It may have been a “roadie” course—with not a rock or root to be seen—but few would call the Echo Valley 30/60 Endurance Race an “easy” ride. Last weekend’s race certainly made me work for my 3rd place finish.
Host to the second race in the NW Epic Series (and many mountain bike events in years past), the Echo Valley Ski Area trails presented mountain bike racers with miles and miles of smooth, flowy singletrack. Of course, even smooth, flowy singletrack can start to feel hard when you’re 40+ miles into a 60-mile race…
Terrain: Smooth, fast singletrack with some fire road climbs.
Notables: This “fast” course was not without its challenges, from the grueling start up a 2.3-mile gravel road, to the near 2,000’ of elevation gain per lap (which, with the extra climb at the start, ended up totaling more than 8,500’ overall).
The descents were fast and fun—and easy to do on my Diamondback Axis hardtail. Knowing there were zero rocks in my path made descending a simple matter of “point and shoot”, though personally, I’d trade a little speed for a variety of terrain, any day.
The Race: “Brutal” best describes the start of the race: 2.3 miles, straight up. Anyone from Seattle or Issaquah who spent last winter doing Tiger Mountain fire road climbs would have had their training redeemed that morning. I started off slow—not only because it was in my plan (having gone out a bit too fast at last month’s Stottlemeyer 30/60 Endurance Race)—but also because I had no warm-up time. Despite my measured pace, I felt a nausea that would linger well into the second lap.
But once that first big climb was over, there was singletrack to welcome us. Smooth and rolling, the ribbon of trail took us all along the hillside and valley. Throughout the course, the singletrack ranged from narrow to wide, opening up to double track in places, which allowed for easy passing.
As I finished the first lap, I thought to myself that the “roadie” mountain bikers who had signed up for this race were likely in heaven now: the sustained climbs were perfectly suited for über-fit riders, and the course posed no technical challenges to slow them down. But then I passed my friend Carl Hulit, carrying his un-rideable bike back to an aide station. Carl, who last month won the first race in the series for the 30-mile event, somehow had hit a stump while trying to pass one of the race leaders. While I was surprised to learn that he had found a stump somewhere out there to hit, I knew how easy it was for a fast, non-technical course to encourage riders to take even greater risks.
And speaking of safety, there was also a section of singletrack with two-way traffic on it, which could have posed a safety risk. But the race organizers worked to make part of the course safe and navigable by including race tape, signage and other dividing barriers—and all the racers I encountered handled this section conscientiously.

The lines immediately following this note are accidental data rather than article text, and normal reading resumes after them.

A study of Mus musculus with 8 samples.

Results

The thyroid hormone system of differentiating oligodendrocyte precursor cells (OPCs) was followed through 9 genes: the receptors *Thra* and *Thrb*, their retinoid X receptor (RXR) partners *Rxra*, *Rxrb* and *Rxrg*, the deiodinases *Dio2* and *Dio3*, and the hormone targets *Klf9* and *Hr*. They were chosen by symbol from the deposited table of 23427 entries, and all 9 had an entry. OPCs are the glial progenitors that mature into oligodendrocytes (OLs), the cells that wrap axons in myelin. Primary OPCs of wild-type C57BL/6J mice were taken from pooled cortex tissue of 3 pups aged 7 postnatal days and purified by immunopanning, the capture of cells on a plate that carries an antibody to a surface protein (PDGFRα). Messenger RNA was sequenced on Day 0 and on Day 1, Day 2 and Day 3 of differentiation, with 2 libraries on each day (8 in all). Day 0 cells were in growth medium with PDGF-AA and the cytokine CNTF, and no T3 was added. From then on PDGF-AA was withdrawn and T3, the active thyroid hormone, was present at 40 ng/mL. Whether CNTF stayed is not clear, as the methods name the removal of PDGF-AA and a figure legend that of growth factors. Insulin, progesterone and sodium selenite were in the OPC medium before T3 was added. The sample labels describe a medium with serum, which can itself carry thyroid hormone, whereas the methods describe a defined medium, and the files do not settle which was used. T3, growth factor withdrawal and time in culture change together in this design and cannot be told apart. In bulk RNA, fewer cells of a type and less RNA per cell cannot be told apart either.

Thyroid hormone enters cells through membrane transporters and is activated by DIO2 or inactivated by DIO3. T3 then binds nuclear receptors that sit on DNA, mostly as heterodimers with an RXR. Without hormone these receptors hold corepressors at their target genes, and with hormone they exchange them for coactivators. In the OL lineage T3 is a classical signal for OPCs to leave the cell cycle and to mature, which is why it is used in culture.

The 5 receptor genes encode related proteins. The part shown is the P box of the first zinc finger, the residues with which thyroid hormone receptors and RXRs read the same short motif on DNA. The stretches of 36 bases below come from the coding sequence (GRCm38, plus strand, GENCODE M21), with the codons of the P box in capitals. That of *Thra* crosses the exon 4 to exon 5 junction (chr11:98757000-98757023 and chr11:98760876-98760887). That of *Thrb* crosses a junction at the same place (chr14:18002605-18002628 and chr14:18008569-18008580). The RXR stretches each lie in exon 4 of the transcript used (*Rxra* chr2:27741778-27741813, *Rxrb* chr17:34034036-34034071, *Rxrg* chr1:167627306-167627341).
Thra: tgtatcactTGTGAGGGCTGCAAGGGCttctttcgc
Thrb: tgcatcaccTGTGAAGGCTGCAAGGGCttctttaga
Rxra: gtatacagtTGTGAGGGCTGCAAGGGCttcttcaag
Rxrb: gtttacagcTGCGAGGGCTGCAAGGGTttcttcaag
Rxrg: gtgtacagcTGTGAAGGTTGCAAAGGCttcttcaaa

Highlights: The best part of the race was the screaming fast descents (obviously). Apart from Carl’s mystery stump, there were no obstacles to hit, so you could really open it up—as long as you made a few crucial corners. The course topography also made it easy to fuel, which is key to sustaining energy during long races like this one. The aid station volunteers were friendly, and the stations were well-stocked with food, if without a Coke or Pepsi. Sigh.
Lowlights: The low point of the race for me was not the grueling climb at the start of the race, but something that happened during my third lap: mechanical. Something came loose in my bottom bracket. I stopped several times to try to isolate the problem, but neither I nor another kind racer who stopped to help could figure it out. So I got back on, hoping my bike could stick it out for the last two laps. It was a challenging two laps—with every pedal stroke, something internal would catch and shake my entire bike—but my Axis is a tough bike, and it helped me finish the race in 3rd place, in under 6 hours. (It’s appropriate, I think, that I race for Sturdy Bitch Racing…as it turns out, my bike is one, too:)
Natasha Hernday put in a smoking time to win the 60-mile women’s open event, while Russell Stevenson swept the men’s event, and didn’t even look tired doing it.
Although this course may not have played to my technical strengths, it was a fun, well-organized event. And I have to say, it was nice to finally ride under sunny blue skies, given the cold, wet spring we’ve had in Seattle. One word of warning: if you want to ride the nearly tree-free Echo Valley trails, be prepared to go home with indelible tan lines.
Directions: Driving from Chelan, take Hwy 150 towards Manson for about 1 mile and turn right at Bodum Road (look for the “Echo Valley Recreation Area” sign). Follow the Echo Valley signs for about another 6 miles to the Echo Valley Ski Area.
Check out my previous post about the first race in the NW Epic Series, the Stottlemeyer 30/60 Endurance Race.
Update: Yep, turns out my bottom bracket was toast. But I just got a new one, and I’m back in the saddle. See you on the trail!